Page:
GOOOOALLLLL! Using FIFA World Cup to Improve Malaria Prevention

Dec 2018
A pregnant mother and father smiling

More than a beloved international pastime, football—what Americans call soccer—is now a proven tool for engaging men in the fight against malaria in pregnancy (MiP), thanks to a multimiedia campaign out of Uganda.

If not tackled early, malaria in pregnant women can lead to maternal mortality, miscarriage, and stillbirth. In Uganda, 13 percent of malaria cases occur during pregnancy.

Strategies to prevent MiP are simple and inexpensive: intermittent preventive treatment in pregnancy (IPTp) costs 12 cents per dose (less than 40 cents for a minimum of the 3 doses), and long-lasting insecticidal nets (LLINs) cost less than $5.

However, despite the availability of these effective preventive measures, use is limited. Men, who are usually households’ core decision makers on malaria prevention and control practices, remain unaware of the importance of supporting the women in their households to attend early antenatal care (ANC) visits and sleep under LLINs.

This may be because malaria awareness interventions tend to reach many more women than men, according to a 2017 gender analysis by USAID’s Malaria Action Program for Districts (MAPD).

Men rarely visit the health centers where health education activities take place, but they often follow football. Therefore, MAPD saw the 2018 FIFA World Cup (June 14–July 15), as a great platform to bring education on malaria and prevention techniques to men.

Football for behavior change

 

The goal was to connect with men on an emotional level by positioning malaria prevention as a responsibility associated with heads of households, while motivating men to change their behavior based on “self-determination theory.”

In 25 of its 49 implementation districts, MAPD delivered malaria-prevention messages before kick-off using a multi-channel approach that included experiential mobile cinemas, radio spots, announcements from local football commentators and community dialogues.

As a result, there was an increase in IPTp uptake among expectant women and, consequently, a reduction in MiP throughout the World Cup period.

Uptake of the third dose of IPTp increased by 12 percentage points in the intervention sites, from 40 percent to 52 percent, while in the control districts it reduced from two percent to one percent. Malaria in pregnancy reduced by three percentage points and ANC visits increased from 40 to 43 percent in the intervention districts, while it only increased from 18 to 19 percent in the control districts. Of the 538 people who responded to exit interviews, 80.6 percent were male. About 54 percent expressed their intention to ensure that they and their households were using LLINs consistently and correctly; 9 percent pledged to remove mosquito breeding places from their homes; 38 percent indicated that they would seek treatment within 24 hours of onset of fever; and 31 percent promised to adhere to test results. More than 7 million people (54 percent of the target population) were reached with radio messages, while 1,967,200 were reached with interpersonal and experiential activation messaging during World Cup matches.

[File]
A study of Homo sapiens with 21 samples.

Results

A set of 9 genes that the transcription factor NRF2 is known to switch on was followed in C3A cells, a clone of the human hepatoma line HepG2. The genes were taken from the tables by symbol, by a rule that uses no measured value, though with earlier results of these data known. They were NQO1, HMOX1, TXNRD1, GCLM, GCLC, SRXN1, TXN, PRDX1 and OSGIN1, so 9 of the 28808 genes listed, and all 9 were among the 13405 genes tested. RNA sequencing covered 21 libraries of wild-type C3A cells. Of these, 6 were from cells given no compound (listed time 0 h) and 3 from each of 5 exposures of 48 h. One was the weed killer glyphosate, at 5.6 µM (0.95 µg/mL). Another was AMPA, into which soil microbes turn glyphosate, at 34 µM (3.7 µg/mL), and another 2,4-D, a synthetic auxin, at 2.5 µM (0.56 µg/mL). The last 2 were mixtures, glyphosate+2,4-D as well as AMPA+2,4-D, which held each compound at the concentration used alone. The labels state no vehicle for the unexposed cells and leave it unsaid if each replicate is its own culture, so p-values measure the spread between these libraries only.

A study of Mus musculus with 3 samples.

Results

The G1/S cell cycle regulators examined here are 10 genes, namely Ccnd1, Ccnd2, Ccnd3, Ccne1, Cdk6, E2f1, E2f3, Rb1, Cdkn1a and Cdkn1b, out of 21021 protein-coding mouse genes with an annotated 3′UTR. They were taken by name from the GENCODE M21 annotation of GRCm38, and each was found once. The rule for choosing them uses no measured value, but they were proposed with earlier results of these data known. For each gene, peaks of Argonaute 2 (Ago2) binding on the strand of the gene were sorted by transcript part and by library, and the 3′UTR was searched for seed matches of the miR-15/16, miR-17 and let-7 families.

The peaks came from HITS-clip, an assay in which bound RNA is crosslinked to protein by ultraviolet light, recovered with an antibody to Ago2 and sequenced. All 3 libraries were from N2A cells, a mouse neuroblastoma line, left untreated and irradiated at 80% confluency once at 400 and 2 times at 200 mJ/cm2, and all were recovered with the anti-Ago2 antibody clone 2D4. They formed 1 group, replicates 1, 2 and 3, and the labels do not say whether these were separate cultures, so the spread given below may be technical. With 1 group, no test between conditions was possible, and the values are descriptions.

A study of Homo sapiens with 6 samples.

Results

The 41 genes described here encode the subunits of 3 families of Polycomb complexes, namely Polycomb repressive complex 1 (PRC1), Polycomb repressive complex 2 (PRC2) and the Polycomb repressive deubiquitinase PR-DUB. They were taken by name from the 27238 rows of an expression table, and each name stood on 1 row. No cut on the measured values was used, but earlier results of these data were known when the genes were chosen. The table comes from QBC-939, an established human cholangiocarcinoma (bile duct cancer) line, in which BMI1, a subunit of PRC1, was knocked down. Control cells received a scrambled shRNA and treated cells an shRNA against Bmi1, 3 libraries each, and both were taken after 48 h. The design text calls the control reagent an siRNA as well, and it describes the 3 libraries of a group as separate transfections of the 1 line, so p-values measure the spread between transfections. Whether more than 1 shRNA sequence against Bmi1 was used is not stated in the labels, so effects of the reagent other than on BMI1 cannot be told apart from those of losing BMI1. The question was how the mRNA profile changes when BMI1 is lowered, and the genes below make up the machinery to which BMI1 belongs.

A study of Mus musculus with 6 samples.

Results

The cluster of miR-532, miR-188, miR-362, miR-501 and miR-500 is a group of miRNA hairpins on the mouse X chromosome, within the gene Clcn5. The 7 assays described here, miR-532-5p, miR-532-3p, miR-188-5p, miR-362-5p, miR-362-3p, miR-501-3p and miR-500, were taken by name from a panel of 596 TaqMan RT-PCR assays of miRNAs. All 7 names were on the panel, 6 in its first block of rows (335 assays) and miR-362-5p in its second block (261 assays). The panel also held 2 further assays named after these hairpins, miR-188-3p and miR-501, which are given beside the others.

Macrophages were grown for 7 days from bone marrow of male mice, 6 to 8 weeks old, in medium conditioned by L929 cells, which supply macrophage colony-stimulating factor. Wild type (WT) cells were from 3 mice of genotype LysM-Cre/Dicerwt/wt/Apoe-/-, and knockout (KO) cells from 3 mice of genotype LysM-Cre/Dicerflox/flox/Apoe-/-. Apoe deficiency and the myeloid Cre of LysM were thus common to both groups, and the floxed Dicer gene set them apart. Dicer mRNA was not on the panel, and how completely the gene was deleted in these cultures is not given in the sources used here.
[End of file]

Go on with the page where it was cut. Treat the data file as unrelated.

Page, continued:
In addition, the MAPD World Cup campaign, called “Giving Malaria the Boot!” won the African Excellence Award for the best multimedia campaign.

Next steps

Football facilitated a connection with a disengaged male audience using matches as edutainment vehicles to convey key malaria-control messages, contributing to significant improvements in women’s health. When engaged, men can contribute to an increase in uptake of malaria-prevention actions at the household and community levels.

Having found that football can effectively engage young men around malaria messaging, MAPD is now planning a nine-month-long second phase of the intervention, built around Premier League football matches.

Malaria Action Program for Districts (MAPD) is a USAID-funded project that aims to reduce malaria-induced childhood and maternal morbidity and mortality in Uganda. The project implements evidence-based high-impact activities, working with Uganda’s National Malaria Control Program and the district health management teams.